Al-Qaeda leader Ayman al- Zawahiri killed by a USA missile strike in Afghanistan’s capital Kabul, the White House announced on Monday, 1, August.

The United States on Monday announced the killing of Al-Qaeda leader Zawahiri, in a “successful” operation against a target in Afghanistan.

Zawahiri was an Egyptian surgeon turned into one of the world’s most wanted terrorists.

He took over Al-Qaeda after the death of Osama bin Laden in Pakistan in 2011 and was often referred to as Bin Laden’s right-hand man; the chief ideologue of al-Qaeda.

He is believed to have been the “operational brain” behind the 11 September 2001 attacks in the United States that killed nearly 3,000 people.

He had been on the run ever since, and after years of tracking him down, US armed forces fired two Hellfire missiles from a drone flying above the Afghan capital, striking his safe house and killing him, President Joe Biden announced on Monday.

US officials described an operation as meticulously planned as that which killed bin Laden in his Pakistan hideout in 2011.

“For several years the US government has been aware of a network that we assessed supported Zawahiri,” a senior administration official told reporters.

But it was only this year that US intelligence learned that his family, his wife, his daughter, and her children, had moved to the Afghan capital.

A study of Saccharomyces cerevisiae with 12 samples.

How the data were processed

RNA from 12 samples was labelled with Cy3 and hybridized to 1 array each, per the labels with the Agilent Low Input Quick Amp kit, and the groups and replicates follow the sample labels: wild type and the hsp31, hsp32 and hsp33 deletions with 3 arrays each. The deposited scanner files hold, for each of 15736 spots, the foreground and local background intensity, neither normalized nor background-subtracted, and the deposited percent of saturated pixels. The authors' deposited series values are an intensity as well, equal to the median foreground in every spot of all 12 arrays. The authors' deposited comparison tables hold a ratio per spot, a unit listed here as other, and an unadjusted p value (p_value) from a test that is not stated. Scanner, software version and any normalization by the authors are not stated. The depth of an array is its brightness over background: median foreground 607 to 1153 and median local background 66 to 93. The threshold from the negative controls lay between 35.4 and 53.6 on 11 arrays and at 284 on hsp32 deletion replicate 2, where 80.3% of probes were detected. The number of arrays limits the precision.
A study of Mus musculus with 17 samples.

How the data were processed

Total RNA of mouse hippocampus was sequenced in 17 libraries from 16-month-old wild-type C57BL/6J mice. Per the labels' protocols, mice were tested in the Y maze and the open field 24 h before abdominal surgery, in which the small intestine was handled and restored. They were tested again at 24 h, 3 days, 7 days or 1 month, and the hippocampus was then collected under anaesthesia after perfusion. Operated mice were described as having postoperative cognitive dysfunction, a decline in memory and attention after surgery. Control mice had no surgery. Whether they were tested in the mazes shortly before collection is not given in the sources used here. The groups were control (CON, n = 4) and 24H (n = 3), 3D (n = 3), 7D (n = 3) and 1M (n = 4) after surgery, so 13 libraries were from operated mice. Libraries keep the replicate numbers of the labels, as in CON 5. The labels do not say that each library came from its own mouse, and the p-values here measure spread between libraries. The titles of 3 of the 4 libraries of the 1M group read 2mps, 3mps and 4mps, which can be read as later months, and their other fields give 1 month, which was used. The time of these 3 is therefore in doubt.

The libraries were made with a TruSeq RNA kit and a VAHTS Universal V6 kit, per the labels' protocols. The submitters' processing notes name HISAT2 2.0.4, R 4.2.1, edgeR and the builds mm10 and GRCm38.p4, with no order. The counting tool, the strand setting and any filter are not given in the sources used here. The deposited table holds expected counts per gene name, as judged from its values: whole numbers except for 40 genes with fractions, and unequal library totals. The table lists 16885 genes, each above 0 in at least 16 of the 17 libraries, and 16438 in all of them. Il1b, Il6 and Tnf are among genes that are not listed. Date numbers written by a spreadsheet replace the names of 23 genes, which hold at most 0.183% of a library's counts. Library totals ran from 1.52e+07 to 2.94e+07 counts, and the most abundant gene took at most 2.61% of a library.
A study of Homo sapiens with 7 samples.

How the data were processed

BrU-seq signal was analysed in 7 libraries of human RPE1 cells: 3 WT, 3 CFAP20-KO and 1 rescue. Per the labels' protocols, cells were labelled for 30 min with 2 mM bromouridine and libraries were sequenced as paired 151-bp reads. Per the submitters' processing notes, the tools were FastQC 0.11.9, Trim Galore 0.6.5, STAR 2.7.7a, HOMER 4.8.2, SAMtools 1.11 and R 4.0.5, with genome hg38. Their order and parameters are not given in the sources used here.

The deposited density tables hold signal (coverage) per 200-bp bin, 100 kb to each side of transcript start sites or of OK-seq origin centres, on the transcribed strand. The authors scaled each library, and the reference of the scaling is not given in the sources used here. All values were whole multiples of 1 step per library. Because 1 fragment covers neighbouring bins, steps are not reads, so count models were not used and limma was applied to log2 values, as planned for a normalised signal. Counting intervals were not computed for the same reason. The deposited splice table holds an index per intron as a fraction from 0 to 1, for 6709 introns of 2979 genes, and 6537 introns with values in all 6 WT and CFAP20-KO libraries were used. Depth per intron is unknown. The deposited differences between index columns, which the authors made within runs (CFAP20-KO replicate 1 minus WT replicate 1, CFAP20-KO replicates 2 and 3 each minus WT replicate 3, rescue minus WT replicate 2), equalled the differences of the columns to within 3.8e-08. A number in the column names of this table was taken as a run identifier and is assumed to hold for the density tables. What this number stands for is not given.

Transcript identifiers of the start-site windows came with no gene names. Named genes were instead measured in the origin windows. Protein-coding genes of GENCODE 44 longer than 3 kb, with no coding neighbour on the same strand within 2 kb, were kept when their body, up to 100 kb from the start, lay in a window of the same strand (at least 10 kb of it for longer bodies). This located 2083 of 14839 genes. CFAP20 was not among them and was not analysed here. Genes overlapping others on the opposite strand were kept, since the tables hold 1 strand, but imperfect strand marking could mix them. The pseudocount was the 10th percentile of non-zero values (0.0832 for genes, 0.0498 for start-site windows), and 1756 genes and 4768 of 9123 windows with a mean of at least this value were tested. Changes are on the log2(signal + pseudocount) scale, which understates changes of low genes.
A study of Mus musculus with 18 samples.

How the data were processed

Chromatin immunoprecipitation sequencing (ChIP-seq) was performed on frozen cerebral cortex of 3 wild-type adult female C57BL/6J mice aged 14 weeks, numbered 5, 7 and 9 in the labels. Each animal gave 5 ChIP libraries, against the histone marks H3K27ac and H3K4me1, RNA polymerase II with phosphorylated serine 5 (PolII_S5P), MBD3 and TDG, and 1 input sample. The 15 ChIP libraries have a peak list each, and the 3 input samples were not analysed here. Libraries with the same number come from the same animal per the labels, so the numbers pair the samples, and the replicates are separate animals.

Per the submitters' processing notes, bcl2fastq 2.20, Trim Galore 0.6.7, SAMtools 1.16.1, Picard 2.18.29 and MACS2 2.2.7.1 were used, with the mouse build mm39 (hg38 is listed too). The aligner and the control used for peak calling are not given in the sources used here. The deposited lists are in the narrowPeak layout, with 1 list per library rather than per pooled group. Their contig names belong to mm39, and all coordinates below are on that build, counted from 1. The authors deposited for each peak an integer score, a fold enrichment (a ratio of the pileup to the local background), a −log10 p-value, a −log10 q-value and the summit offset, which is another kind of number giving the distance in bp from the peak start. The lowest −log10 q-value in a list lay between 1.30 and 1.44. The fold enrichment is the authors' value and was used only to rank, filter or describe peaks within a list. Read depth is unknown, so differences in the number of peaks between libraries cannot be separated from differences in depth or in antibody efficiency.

They were careful, the official said, exercising “longstanding terrorist tradecraft” to prevent anyone from tracking them to the Qaeda leader.

Still, eventually, Zawahiri showed up and never left.

“We identified Zawahiri on multiple occasions for sustained periods of time on the balcony,” the official said.

Throughout May and June, an attack strategy was devised. The American government kept a close eye on the multi-story house—though the official would not specify how—to comprehend the family’s behavioral patterns.

To reduce the risk to bystanders, they examined the home’s construction in order to hit Zawahiri without endangering the stability of the structure.

Defense and intelligence personnel completed the plan in June, and they used a precise model of the White House to present it to Biden on July 1. 

According to the official, Biden inquired in-depth about the building, weather conditions, and the risk to civilians.

On July 25, Biden finally made a choice.

The strike involved a US drone, armed with two precision-guided Hellfire missiles, which were launched at 6:18 am Sunday, Kabul time.

Zawahiri was “killed on the balcony,” the official said.

The missiles appear not to have been ordinary Hellfires, whose high explosives could have destroyed the home.

Apparent photographs of the building show only a few windows on one floor blown out, and the rest intact.

The official did not provide details but expressed strong confidence that Zawahiri had been killed and no others were hurt. 

“Zawahiri’s family members were present in other parts of the safe house at the time of the strike and were purposely not targeted and were not harmed,” he said.